If You're Phone Battery Keeps Dying Too Quickly, You're Probably Doing This Wrong

Kylie Perry August 30th 2017 Science
Chances are you've noticed that your electronic devices hold less of a charge the longer you have them. Not only that, but you may notice that it takes longer for your devices to charge. Did you know that it could be your fault? Maybe the reason that your phone battery is worn out is because you've been charging it wrong from the moment you brought it home. Read on to find out the right way to charge your phone.
Most electronic devices that are rechargeable-including smartphones, tablets, and laptops-use lithium-ion batteries. According to Popular Science, this is how they work: "When the battery is charging, positively-charged lithium ions move from one electrode, called the cathode, to the other, known as the anode, through an electrolyte solution in the battery cell. That causes electrons to concentrate on the anode, at the negative side. When the battery is discharged, the reverse happens. As for those electrons, they move through circuits that are external to the battery, providing juice."
Despite tons of updates over the years, these batteries can only be discharged and recharged a number of times before they just get worn out. Generally speaking, these batteries only last for 2-3 years before needing to be replaced, or before you need to buy a new device. But what if there was a way to extend your battery life beyond that window? Well, there is.
Many researchers say that you should not allow your battery to charge to 100 percent each time that you plug it in, because it puts too much strain on the battery. A 50 percent charge is suggested, as this will help your battery life last longer. The same goes for the discharge. You shouldn't wait until your phone has 3 percent battery left before plugging it in. Try charging it when it's around 50 percent. This is called "shallow discharge" and "shallow recharge."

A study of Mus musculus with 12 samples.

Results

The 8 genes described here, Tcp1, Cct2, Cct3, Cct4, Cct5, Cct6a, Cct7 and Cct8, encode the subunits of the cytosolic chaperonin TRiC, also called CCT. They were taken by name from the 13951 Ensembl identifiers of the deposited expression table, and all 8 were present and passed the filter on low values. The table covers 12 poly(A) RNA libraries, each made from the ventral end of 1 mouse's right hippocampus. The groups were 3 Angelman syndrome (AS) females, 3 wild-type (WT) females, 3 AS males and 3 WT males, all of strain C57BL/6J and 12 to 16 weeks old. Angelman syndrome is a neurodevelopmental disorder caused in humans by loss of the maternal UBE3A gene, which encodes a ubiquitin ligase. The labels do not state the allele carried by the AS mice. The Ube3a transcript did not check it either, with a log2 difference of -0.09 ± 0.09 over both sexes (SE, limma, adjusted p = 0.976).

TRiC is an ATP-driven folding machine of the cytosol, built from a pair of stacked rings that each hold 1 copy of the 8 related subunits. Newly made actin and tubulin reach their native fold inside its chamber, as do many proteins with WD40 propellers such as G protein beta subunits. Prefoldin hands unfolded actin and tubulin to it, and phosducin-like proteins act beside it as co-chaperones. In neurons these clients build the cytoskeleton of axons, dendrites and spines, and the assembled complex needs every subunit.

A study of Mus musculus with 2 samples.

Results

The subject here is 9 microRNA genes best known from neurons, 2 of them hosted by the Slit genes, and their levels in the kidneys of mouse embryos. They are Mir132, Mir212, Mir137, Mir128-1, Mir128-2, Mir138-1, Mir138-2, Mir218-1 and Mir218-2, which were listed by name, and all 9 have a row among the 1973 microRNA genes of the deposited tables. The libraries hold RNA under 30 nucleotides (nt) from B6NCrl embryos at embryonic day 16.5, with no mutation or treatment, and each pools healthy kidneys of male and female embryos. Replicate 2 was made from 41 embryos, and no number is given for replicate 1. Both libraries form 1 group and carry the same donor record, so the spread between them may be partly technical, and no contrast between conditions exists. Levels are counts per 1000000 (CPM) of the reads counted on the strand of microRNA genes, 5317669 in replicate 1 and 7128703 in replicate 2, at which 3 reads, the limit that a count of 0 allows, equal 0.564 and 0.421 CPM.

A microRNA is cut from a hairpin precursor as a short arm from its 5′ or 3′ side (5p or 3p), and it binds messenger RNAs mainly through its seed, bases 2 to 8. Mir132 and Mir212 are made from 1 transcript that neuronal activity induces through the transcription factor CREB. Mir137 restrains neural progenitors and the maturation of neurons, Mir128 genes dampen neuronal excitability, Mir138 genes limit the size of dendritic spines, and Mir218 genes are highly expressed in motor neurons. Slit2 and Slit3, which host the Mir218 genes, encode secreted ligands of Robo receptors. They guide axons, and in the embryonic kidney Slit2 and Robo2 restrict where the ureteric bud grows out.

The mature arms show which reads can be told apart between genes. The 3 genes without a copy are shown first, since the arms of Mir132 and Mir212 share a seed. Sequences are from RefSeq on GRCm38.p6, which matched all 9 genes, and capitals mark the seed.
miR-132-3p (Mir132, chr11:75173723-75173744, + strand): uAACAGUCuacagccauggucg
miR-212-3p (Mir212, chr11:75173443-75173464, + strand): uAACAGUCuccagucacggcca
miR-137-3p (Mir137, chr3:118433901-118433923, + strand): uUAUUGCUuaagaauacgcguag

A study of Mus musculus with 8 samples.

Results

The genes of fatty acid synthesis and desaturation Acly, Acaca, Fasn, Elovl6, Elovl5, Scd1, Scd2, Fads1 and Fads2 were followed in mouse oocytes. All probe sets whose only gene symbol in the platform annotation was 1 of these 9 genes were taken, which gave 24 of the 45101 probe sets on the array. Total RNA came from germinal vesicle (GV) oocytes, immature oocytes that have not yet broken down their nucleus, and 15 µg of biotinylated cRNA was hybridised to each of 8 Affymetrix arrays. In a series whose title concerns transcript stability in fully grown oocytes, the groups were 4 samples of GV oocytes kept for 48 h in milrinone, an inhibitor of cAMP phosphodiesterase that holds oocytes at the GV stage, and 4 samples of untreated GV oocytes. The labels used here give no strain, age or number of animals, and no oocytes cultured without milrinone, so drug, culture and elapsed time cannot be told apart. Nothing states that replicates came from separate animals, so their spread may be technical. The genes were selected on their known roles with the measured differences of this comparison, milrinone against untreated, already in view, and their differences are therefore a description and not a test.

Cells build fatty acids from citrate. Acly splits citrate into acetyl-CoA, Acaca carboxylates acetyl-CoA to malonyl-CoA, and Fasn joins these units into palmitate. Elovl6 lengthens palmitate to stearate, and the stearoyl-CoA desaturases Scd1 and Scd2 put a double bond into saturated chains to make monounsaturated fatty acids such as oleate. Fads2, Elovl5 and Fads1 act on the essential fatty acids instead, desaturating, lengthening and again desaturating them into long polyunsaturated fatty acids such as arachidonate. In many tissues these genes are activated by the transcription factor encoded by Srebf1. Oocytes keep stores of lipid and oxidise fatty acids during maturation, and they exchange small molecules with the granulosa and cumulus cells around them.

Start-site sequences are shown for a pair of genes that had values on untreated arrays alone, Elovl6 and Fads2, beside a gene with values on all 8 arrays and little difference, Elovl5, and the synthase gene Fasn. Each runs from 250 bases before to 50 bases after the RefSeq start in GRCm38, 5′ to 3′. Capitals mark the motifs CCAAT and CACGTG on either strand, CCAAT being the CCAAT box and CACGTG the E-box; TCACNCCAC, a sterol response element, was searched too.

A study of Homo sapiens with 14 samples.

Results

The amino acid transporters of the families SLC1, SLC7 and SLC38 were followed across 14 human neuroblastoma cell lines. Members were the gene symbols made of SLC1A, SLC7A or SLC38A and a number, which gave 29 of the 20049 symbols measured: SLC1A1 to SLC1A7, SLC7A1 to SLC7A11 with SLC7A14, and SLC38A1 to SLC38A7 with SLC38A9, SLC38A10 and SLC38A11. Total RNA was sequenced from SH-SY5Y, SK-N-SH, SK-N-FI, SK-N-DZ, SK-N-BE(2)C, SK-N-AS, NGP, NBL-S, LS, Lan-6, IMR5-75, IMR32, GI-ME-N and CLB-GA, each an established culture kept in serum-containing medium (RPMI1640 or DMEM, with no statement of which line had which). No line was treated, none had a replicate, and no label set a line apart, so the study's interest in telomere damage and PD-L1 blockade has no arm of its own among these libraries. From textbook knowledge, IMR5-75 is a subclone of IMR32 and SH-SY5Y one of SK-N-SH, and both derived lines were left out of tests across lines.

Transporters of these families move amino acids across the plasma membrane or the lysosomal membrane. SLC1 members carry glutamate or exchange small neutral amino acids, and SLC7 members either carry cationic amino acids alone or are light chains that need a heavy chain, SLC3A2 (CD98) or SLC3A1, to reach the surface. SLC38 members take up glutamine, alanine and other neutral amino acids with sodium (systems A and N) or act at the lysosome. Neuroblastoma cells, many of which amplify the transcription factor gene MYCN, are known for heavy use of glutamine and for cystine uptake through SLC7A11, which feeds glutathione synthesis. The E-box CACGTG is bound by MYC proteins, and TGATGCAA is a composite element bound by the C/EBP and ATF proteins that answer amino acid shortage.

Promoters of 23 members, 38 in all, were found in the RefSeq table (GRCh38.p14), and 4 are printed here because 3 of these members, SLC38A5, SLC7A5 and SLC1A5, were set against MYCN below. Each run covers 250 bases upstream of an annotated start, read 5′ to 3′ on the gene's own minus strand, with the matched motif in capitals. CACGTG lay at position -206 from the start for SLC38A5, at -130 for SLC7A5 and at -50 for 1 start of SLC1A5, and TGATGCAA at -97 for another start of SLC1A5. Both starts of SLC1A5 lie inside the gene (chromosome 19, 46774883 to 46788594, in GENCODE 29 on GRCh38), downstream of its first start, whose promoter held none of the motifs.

In addition, if your battery is at 100 percent, you should not leave it plugged in. That means if you are one of those people that leaves their phone on charge overnight, you are doing it wrong! Interestingly enough, research shows that allowing your phone a full discharge (down to about 5 percent) once a month is good for the battery life and will help recalibrate your phone's self-assessment (meaning, your "estimated battery time remaining" will be more accurate).
Another way to lengthen your battery life is to keep your phone or other electronic device protected from extreme temperatures. You shouldn't keep your phone out in direct sunlight if you are heading to the beach, for example, and you don't want to have it out while you're shoveling during a blizzard. You should also try to avoid leaving your phone in your car for these same reasons.
If you plan on not using your device for an extended period of time, you should power it off. You shouldn't allow it to sit on charge for days on end, for instance, nor should you allow it to sit and completely drain. Powering your device off and storing it in an area that is room temperature is ideal for battery life. You should also make sure that you are using a factory charger for the best possible results.